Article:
Biology can be a real pain sometimes – things are just not standard. A carbon atom is a carbon atom, and while it might change slightly with varying numbers of neutrons or electrons, these occur in a limited number of way and with standardised nomenclature. On the other hand, does anyone want to try and define a species? Thought not.
Biology is all about continuums from gene pools, cross-breeding, polyploidy and horizontal gene transfer, to populations, individual variation, biogeography, generic and species definitions and most noticeable of all – behaviours. There are ‘carnivores’ that eat plants and ‘herbivores’ that kill and eat animals, arboreal animals that live on the ground, and terrestrial ones that rarely leave the water. No matter what an animal is ‘supposed’ to do, you will always find an exception sooner or later. Not just a species that has broken the mould of its relatives, but even individual animals.
While morphology obviously gives us a great deal of information about the behaviour of an animal, it can of course only point us in the right direction. Even a highly specialised tool can be used for all manner of other tasks, even if it is poorly suited to them, if the selection pressure is high enough to retain a specialised shape. Eagles still build nests with hooked beaks, cats and sloths can swim and giraffe graze at ground level when each is clearly poorly suited to the job. These are still all no great surprise really (most birds build nests, most animals can swim, most herbivores will take whatever they can from time to time) but there are behaviours exhibited by both individuals and species that are very well wide of what you might expect.
My favourite example of this is climbing. Arboreality, or even just climbing into and out of trees (as opposed to spending a long time in them) is considered quite a speciality. Animals have evolved all manner of adaptations to this problem like reversible wrists and ankles, strong and curved claws, gripping digits, unusually long penultimate phalanges, sticky secretions and more to aid the basic up and down activity. So it is worth remembering just how good goats are at climbing trees. Very, very good in fact. And you will often find small crocodiles far higher in trees that they have any right to be. Hedgehogs are excellent climbers (of walls, if not trees) and wolverines happily shin up trees like oversized martens. Even lions and tigers are pretty good at getting up into trees, despite their traditionally being considered solely the home of the leopard in Africa and Asia. In other words, just because it doesn’t look like it was built to climb, doesn’t meant it can’t.
These animals are hardly at home in the branches, leopards are certainly far better adapted to climb than lions, but they can at least get well off the ground. However the important point here is that they can do it and they do do it. Even if this behaviour is not common or even essential to their survival to consider a lion terrestrial in the same way that one would a rhinoceros is clearly incorrect. The importance here is to remember this when considering palaeo species and their lifestyle and ecology – just because they look like they could not climb trees, swim, dig etc. does not mean that they could not or did not, and in some cases this might actually formed an important part of their repertoire of behaviour. While clearly we are unlikely to be able to be able to trace many of these behaviours except in exceptional circumstances, they should not be ruled out of ecological considerations. Yes, it’s hard to account for every possible behaviour of every single species when considering palaeoecology, but some of the more common ones often get short shrift.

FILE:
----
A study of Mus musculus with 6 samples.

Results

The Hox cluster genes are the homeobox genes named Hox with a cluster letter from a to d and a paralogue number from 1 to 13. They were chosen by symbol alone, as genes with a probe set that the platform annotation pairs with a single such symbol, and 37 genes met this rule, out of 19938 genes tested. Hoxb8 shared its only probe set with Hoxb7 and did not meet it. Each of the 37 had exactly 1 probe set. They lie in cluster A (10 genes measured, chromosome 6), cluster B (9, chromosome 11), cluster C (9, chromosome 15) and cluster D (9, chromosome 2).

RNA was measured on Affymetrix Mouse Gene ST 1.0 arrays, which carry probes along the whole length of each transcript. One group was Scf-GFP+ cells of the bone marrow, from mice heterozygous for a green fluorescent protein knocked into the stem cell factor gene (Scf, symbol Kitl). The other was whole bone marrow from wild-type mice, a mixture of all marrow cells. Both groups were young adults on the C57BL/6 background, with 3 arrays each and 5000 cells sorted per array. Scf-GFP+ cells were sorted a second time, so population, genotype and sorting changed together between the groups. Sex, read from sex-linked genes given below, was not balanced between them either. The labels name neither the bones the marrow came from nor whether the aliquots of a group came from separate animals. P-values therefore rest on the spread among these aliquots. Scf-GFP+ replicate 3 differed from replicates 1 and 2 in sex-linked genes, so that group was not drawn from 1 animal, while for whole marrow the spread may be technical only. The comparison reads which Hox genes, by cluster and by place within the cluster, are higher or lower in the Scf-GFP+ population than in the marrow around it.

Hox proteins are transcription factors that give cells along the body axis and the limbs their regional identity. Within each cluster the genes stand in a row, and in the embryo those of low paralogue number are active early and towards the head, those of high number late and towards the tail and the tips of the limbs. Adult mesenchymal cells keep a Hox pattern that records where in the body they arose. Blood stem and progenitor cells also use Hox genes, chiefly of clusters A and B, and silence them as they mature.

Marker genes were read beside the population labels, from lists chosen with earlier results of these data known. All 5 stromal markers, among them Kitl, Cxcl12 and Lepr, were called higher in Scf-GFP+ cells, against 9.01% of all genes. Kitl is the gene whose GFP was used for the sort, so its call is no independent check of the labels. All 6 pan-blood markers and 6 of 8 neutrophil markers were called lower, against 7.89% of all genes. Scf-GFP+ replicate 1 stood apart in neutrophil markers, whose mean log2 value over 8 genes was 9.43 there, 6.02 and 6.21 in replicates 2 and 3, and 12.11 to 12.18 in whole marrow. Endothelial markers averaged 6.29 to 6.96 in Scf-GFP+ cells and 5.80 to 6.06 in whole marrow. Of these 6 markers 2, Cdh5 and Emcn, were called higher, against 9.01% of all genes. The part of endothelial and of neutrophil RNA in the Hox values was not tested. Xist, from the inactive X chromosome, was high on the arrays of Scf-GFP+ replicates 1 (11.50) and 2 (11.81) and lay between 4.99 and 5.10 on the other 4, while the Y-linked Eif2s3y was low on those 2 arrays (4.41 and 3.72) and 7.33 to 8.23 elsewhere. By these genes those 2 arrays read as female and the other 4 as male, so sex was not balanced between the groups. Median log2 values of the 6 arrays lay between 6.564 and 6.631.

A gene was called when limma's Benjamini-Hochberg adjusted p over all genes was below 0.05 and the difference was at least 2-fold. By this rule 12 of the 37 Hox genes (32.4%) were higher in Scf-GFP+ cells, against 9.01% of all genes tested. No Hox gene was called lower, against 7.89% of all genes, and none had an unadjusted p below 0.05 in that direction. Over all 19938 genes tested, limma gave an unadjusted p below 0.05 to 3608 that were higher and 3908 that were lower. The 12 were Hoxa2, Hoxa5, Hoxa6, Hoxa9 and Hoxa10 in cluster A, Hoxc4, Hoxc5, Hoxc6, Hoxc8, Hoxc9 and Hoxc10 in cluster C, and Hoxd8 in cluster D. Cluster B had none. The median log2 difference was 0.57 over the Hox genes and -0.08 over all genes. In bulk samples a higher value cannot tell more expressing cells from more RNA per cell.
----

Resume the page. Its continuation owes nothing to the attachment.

Arboreality (or at least strong climbing abilities) is rampant in a great many apparently non-specialised species and I do not see why it might not have been common in other (apparently) unspecialised species in the past that lived in tree-rich environments. Trees could have offered the usual benefits of safety, new hunting grounds, additional food, storage and an increased sightline and would have thus been exploited by any animal that could make a decent fist of climbing them. The obvious group to cite in this circumstance is the derived maniraptoran theropods which are at the centre of the bird evolution debate with reference to flight starting from the ‘ground-up’ or ‘trees-down’. A lack of obvious arboreality-related characters are cited as evidence against the ‘trees-down’ model but this is exactly my point – why do they have to have them to be a) able to climb trees and b) make this an important part of their biology. True a maniraptoran with reversible wrists and ankles would really help the claim (and yes, I do know about Epidendrosaurus), but for me it need not be discovered to make me think that a significant number of small theropods were quite capable, and indeed able, to climb and even move around in the trees. The niches / ecospace was there and they had the capability to exploit it, so I would be very surprised if they did not.
That’s about it really, many things can climb that look like they can’t, so just because something doesn’t look especially suited to climbing does not mean that it could not, and indeed could have been quite suited to the job. This should be remembered in palaeoecological analyses and suppositions, and really should include more than just arboreality – there are a fair few of these examples that are worth considering.
(For more on climbing theopods, see Darren’s recent post over at Tet Zoo here. As it happens we wrote these posts simultaneously as I contacts Darren about some details only to discover he was digging up examples of his own for his post. Great minds and all that I suppose, though obviously he beat me to the punch by a few weeks, but the focuses of the posts are rather different, and I think they compliment each other rather well).